CHELSEA — After being born blind in one eye, photography was an obvious career choice for Flo Fox.
"I never had to close an eye to take a picture," she said. "I never had to adopt three dimensions to a flat plane."
In 1976, Fox was diagnosed with multiple sclerosis and lost much of her sight in her one working eye. Now she's largely paralyzed apart from her left hand, which she uses to control her electronic wheelchair. But that hasn't stopped her from zipping around the city in a stylish hat hiding dyed purple hair, working as a street photographer.
A collection of 40 years of Fox's work will be on display at a new exhibit at the The Carter Burden Center for the Aging’s Gallery 307 at 307 Seventh Ave.
Much of Fox's work documents the shifting, chaotic world of the city's streets, including 'Personal Earthquake,' which displays what it's like for someone in a wheelchair to go over cracks and bumps in the city's concrete.
Nowadays, the 66-year-old Fox needs some help with her work. She makes sure all of her personal attendants can take a decent picture, and keeps two cameras at all times in pockets on the side of her wheelchair. When she sees a picture she wants, she lines her assistants up to take it.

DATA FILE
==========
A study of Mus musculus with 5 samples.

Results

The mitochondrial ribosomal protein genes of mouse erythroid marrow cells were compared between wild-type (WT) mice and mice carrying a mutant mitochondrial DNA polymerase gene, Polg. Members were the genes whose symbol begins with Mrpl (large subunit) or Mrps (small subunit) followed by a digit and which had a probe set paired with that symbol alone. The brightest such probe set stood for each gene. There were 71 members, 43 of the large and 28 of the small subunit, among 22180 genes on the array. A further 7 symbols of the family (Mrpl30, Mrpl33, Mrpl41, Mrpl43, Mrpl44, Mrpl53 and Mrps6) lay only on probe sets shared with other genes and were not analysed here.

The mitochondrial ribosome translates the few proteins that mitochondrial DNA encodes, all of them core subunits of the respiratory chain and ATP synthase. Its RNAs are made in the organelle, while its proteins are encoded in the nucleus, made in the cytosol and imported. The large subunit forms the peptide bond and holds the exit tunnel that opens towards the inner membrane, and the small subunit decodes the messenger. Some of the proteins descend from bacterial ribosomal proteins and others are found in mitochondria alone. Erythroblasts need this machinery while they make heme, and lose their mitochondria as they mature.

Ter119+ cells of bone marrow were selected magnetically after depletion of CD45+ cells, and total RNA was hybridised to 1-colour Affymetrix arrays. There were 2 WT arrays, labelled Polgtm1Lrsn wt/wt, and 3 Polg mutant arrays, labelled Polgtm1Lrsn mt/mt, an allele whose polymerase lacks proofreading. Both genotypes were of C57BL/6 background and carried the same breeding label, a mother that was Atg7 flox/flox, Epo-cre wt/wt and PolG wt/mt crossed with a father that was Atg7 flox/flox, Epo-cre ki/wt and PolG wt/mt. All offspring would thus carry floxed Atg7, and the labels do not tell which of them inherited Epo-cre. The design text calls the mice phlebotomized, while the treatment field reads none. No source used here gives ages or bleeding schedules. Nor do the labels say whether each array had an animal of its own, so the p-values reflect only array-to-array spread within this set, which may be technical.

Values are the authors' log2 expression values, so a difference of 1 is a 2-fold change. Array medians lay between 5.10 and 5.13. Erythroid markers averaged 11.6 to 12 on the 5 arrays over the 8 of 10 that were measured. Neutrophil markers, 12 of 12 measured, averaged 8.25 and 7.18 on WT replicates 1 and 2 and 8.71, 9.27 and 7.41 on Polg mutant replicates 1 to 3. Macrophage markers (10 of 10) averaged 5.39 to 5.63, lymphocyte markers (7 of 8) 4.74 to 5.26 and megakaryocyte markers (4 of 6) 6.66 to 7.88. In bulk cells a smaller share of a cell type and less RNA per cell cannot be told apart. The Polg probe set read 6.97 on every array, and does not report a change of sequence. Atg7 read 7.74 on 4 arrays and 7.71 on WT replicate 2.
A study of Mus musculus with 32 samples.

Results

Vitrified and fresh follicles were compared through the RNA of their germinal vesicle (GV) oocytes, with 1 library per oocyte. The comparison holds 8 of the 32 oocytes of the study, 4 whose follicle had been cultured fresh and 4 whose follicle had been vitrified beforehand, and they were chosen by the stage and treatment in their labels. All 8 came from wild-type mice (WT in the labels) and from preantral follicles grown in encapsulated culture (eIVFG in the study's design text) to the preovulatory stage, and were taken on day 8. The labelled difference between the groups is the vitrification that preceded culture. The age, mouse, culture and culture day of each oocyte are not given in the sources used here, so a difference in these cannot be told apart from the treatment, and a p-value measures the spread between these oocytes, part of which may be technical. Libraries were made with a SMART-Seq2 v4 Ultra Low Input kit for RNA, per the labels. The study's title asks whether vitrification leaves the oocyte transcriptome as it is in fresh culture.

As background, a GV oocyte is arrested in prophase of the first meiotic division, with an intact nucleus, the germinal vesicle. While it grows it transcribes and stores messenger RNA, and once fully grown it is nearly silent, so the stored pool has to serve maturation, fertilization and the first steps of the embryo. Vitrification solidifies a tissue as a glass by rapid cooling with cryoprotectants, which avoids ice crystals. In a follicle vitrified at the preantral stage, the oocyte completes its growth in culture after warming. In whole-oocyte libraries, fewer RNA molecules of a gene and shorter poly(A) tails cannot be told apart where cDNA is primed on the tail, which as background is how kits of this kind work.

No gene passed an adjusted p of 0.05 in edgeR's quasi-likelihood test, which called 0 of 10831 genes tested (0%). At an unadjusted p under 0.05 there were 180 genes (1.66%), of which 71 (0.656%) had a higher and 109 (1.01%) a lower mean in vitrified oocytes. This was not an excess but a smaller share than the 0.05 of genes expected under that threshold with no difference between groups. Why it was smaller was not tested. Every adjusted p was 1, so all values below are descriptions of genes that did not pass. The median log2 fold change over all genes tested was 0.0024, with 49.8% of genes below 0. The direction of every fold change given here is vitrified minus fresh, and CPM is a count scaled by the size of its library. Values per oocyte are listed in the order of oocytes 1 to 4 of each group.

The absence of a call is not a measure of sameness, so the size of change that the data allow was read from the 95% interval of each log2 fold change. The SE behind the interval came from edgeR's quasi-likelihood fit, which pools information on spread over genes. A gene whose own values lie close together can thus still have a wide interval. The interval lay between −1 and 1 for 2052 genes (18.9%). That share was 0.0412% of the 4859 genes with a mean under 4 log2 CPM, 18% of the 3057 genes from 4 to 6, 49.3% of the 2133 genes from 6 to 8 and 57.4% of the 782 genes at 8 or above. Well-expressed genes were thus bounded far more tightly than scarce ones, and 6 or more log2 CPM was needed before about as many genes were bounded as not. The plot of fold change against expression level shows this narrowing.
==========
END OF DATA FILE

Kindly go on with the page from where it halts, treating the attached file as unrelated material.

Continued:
"I'll describe what I want in the picture, and one out of every 10 times it'll turn out the way I want," she said.
Fox is a series of contradictions. She's a professional photographer who doesn't take her own photographs; she shoots mainly on film, not digital, yet she uses inexpensive autofocus cameras — which is almost sacriligeous in the world of professional photography.
"Autofocus is just so quick and easy," she said.
As she's lost mobility, Fox's photography has had to change, and that transformation will be on display in her show.
"The photos my attendants and I take now are usually still," she said. "The pictures I used to take were moving people, action shots. It's difficult to get anybody to look and shoot immediately when I say."
The upcoming exhibit at Gallery 307, a space meant to highlight older working artists, will be divided into three sections: Asphalt Gardens, a collection of street photography shot between 1972 and 1981, Madhattan, which focuses on the madness of the city, and Criptic, more recent work which covers the experiences of blind and disabled people in New York.
"Flo's work has influenced photographers from the beginning," said gallery curator Marlena Vaccaro. "It's not only beautiful work, it's important work."
The new retrospective show will feature over 40 of Fox's photographs, and will run at Gallery 307 between Oct. 27 and Nov. 25.